Football camps from high school to NFL will commence in the next few weeks. Time for players to train together, spend countless hours together and suffer through aches and pains together. A time for a team to build camaraderie.

It's not a time for macho nonsense.

The unfolding crisis at Northwestern serves as a reminder to all that hazing in sports should never be misconstrued as an important team-building exercise.

Hazing is idiotic. It's juvenile and harmful and, in worst cases, it's criminal.

Northwestern's football program is in flames over a hazing scandal that cost coach Pat Fitzgerald his job and undoubtedly will cost the university millions of dollars to settle lawsuits filed by former players. The damage caused by an apparent time-honored, ritualistic culture of hazing inside the football program will be far-reaching.

The details are vile. In multiple lawsuits, former players allege sexual and psychological abuse.

And for what? To put freshmen in their place? To create some weird, perverse, all-for-one mindset that supposedly helps them dig deep in the fourth quarter against Purdue in November?

“Who wants to be demeaned like that? There's just no place for it on a team.”
Former Gophers coach Glen Mason

I've never understood the rationale behind hazing. Hey, let's humiliate the young guys because they have to pay their dues!

Maybe the most surprising aspect of the Northwestern hazing revelations is that this nonsense still happens in 2023. On what planet does anyone think it's even remotely acceptable to degrade teammates by subjecting them to punishment that is sexual in nature?

Sadly, these cases continue to come to light, though thankfully far less frequently as attitudes have evolved over what is acceptable locker room behavior.

Sportswriters and fans often roll our eyes when coaches or executives praise the culture that exists inside their team. For this discussion, the concept of culture matters. Hazing is either tolerated, or it's not. Fitzgerald's defense that he was unaware of hazing is not a defense at all. His program, his responsibility.

Hazing is not limited to football, of course. Incidents happen in every sport, both genders. The Northwestern case demonstrates how ingrained hazing can become in any program if allowed to take root, a strange rite of passage for those who stay with the program.

I texted 25 former football players that I have covered at various points — college and NFL — to ask if they ever experienced hazing at any level in their careers. I offered anonymity in exchange for honesty.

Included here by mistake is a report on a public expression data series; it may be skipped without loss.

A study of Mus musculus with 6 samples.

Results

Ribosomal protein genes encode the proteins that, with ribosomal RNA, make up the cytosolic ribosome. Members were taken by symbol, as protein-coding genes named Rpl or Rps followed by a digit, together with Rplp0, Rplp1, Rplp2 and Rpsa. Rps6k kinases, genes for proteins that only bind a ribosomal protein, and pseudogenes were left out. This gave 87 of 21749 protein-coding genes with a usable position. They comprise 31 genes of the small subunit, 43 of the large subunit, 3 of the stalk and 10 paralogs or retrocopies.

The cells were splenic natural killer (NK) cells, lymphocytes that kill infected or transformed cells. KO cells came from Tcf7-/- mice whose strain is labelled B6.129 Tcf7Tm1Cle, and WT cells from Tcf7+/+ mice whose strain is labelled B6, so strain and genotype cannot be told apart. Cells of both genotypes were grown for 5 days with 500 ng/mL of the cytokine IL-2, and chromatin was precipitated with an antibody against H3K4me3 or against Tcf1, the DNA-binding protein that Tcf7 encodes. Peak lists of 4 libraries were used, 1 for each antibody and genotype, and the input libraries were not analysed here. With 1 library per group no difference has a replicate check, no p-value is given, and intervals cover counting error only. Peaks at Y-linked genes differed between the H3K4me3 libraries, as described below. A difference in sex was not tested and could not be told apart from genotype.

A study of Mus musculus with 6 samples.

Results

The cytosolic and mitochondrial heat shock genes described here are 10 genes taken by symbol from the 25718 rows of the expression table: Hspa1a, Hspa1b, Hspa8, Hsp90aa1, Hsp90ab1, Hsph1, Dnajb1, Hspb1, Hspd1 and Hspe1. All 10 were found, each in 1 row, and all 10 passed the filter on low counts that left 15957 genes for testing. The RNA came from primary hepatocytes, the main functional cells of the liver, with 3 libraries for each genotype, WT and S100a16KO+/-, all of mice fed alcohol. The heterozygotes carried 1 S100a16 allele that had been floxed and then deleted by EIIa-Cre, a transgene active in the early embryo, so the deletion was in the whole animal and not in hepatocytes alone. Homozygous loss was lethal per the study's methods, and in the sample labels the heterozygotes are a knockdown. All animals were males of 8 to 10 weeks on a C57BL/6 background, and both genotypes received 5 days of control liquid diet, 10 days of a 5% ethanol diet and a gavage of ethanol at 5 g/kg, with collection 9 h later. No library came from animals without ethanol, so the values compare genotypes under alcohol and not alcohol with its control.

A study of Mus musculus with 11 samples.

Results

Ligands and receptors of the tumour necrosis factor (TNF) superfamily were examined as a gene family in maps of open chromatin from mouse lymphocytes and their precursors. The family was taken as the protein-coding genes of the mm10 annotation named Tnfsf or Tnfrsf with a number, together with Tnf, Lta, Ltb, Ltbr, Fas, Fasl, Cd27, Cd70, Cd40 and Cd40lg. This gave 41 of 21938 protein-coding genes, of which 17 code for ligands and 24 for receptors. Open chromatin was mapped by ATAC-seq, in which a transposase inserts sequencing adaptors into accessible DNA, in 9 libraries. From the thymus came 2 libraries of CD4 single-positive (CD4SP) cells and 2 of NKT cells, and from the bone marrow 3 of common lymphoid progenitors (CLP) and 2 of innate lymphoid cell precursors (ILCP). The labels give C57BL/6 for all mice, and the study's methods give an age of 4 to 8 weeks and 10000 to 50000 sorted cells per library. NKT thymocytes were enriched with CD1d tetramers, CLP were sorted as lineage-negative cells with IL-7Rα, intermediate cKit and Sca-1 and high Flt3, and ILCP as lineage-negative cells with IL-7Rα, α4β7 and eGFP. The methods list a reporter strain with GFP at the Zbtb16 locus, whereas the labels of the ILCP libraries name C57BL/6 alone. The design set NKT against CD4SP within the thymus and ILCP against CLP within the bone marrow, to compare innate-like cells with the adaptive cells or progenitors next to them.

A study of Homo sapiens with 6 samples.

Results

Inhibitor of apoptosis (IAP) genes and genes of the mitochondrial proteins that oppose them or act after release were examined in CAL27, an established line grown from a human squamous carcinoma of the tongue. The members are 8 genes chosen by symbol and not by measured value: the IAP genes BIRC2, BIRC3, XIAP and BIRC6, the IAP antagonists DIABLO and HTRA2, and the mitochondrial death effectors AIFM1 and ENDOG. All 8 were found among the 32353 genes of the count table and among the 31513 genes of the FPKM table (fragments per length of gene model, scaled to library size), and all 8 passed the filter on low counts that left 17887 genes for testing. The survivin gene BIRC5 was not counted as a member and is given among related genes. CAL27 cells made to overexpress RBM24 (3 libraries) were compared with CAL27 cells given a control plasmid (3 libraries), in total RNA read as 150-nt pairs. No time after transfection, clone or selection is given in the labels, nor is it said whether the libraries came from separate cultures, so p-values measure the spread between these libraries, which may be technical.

Most responded. About half answered yes, but nothing at the level of what is being alleged at Northwestern.

The kind of hazing they encountered was more mild stuff that happens at many places: carrying shoulder pads of older players to the locker room after practice, getting hair buzzed off, buying food for the position group.

"It happens to establish a pecking order," one player texted.

Another player wrote that locker room hazing often stems from players wanting to establish "a social hierarchy on a team."

Problems arise when that desire for hierarchy comes at the expense of human decency.

"I think it's beyond dumb," one player texted simply.

Said another: "I told myself that when I was an older guy I was gonna do the opposite."

Former Gophers coach Glen Mason had a zero-tolerance policy on hazing, which he addressed at the start of every fall camp. Mason told me his perspective was shaped by his college coach, Ohio State's Woody Hayes, who did not permit hazing in any form.

"You were a vital member of the team and everybody would be treated with respect," Mason said, recalling Hayes' message to players.

Mason had a near-hazing incident happen in his first season as Gophers coach in 1997. Veterans concocted a hazing scheme for fall camp. An assistant coach found out and stopped it before alerting Mason, who called a team meeting.

"I was livid," Mason said. "The language I used … I challenged them."

Mason said he stood nose-to-nose with one of the veterans who organized it.

"I said, 'I'm going to tell you something: Either you are going to abide by the rules of this team — my rules — or you're gone. You better make up your mind right now.' " Mason recalled.

A player who was on the team and at the meeting said Mason "ripped into guys like nothing I had ever seen."

Mason said the whole notion of hazing made him that angry.

"Who wants to be demeaned like that?" he said. "There's just no place for it on a team."